To Close Or Not to Close (Your Credit Card Account)

Should you close your paid off credit card? |

Here’s a quick one for you today…

Hey, Anna!

I just paid off my highest interest credit card that I’ve had for over 10 years. I hear different things about closing cards completely—mainly that it would lower my FICO™ score to close it. What is your take on this?


To Close or Not to Close


Dear To Close or Not to Close,

I get this question a lot. It seems like it would be obvious to close your credit card account if you’re not going to be using it once it’s paid off but turns out, you actually should not close your credit card account. Credit scores consider factor such as how long you’ve had a credit card as part of how they evaluate what score you should be given. That means that if you close your credit card, paid off or not, that your credit score could get dinged. So, to answer your question, I would not close it. Don’t use the card, but don’t close it. So just go ahead and forget you even have it– except for when you review your credit report once a year.;)



What steps have you taken to get your credit card debt under control? 



    I’ve had this same question for years. My husband and I have spent the last 3 years paying off credit card debt. We only have 4 more months to go before we’re done!!!! I still haven’t cancelled any of the cards because I didn’t want to hurt our credit before we buy our first house this fall. However we don’t want to keep all of the cards (all from before we were married so there are way too many!). Is there a time that is better to cancel and take the hit on our credit? Even if we’re not using them it’s just overwhelming to know that we have so many. I’m planning to wait until after we buy our house later this year but does anyone have any other tips?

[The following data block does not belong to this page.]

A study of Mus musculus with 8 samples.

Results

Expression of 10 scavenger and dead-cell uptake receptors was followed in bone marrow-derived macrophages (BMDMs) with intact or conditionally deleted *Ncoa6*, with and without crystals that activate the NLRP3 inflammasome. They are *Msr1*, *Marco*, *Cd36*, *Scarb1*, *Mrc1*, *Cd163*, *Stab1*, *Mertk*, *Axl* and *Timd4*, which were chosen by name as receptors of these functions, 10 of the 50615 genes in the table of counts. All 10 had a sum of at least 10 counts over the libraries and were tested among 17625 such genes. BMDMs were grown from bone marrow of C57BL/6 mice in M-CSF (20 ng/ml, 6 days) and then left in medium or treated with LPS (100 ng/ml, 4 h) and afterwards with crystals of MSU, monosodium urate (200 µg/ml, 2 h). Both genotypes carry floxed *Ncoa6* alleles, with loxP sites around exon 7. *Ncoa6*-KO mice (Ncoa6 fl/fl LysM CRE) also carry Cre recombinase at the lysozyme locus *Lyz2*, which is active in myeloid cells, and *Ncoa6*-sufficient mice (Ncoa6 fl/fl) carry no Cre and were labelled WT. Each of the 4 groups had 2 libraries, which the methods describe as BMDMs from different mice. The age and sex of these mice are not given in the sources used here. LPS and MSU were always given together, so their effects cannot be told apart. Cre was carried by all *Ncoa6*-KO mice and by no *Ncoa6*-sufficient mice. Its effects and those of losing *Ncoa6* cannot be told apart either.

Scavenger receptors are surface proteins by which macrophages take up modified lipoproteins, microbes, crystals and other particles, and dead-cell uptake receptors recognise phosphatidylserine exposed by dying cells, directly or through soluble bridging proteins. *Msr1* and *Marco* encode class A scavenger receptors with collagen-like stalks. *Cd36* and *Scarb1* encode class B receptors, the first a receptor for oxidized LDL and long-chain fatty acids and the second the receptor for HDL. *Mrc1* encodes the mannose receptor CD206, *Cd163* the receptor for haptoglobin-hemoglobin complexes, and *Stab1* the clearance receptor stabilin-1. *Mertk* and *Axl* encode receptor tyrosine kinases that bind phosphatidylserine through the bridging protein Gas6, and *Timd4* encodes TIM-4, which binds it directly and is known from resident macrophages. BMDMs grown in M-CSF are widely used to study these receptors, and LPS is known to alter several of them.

2. Julian

    So I was doing this myself… but recently called ExxonMobil to change the address of my very first credit card and they advised they closed the account due to inactivity. Then I called 2 other store cards to do the same and those accounts were closed as well due to inactivity. WTF! How much do you think this would affect my score if it’s my oldest account?

  3. Michelle

    I say keep the credit card if you know that you won’t fall back into credit card debt. However, if you know that you will go back into debt, definitely get rid of it.

  4. Nicole R.

    Does this apply to store credit cards too? Prior to marriage, my husband opened a Kohl’s credit card. We haven’t used it in about five years since we just don’t shop there anymore. I’ve been meaning to close it, but have held off, wondering if it would affect our credit score.

  5. Guylaine

    Beware of inactive fees.. credit card compagnies could charge $ if you don’t use your credit card… Read your credit card policies closesly!

  6. Carrie on

    We had upper 700s credit. (780ish). Opened another card and it shot up 30 points to 810. Go figure! I know it has something to do with the ratio of used credit to available credit, but it still boggles my mind that your score goes up with more accounts and down with fewer.

    (And before anyone worries, we are close to being debt free and got a 0% interest for 15 months card to use so we can pay off higher interest debt first and then tackle whatever wr put on the card
    I wouldn’t recommend others do this, but it works for us).

  7. Lisa

    This is in response to Mary. Do not make any changes prior to buying a house! We applied for a Lowes card before buying a house, but after the first credit check was done. It was a big deal to the mortgage company.

    1. Sandra

      Your credit is pulled again right before your loan closes. This is done to make sure you are not taking on additional debt that will make it harder for you to pay your mortgage. Additional debt can increase your debt ratios, which can cancel your loan. It’s a good point not to make any credit changes during the mortgage process. Your loan officer should tell you that upfront.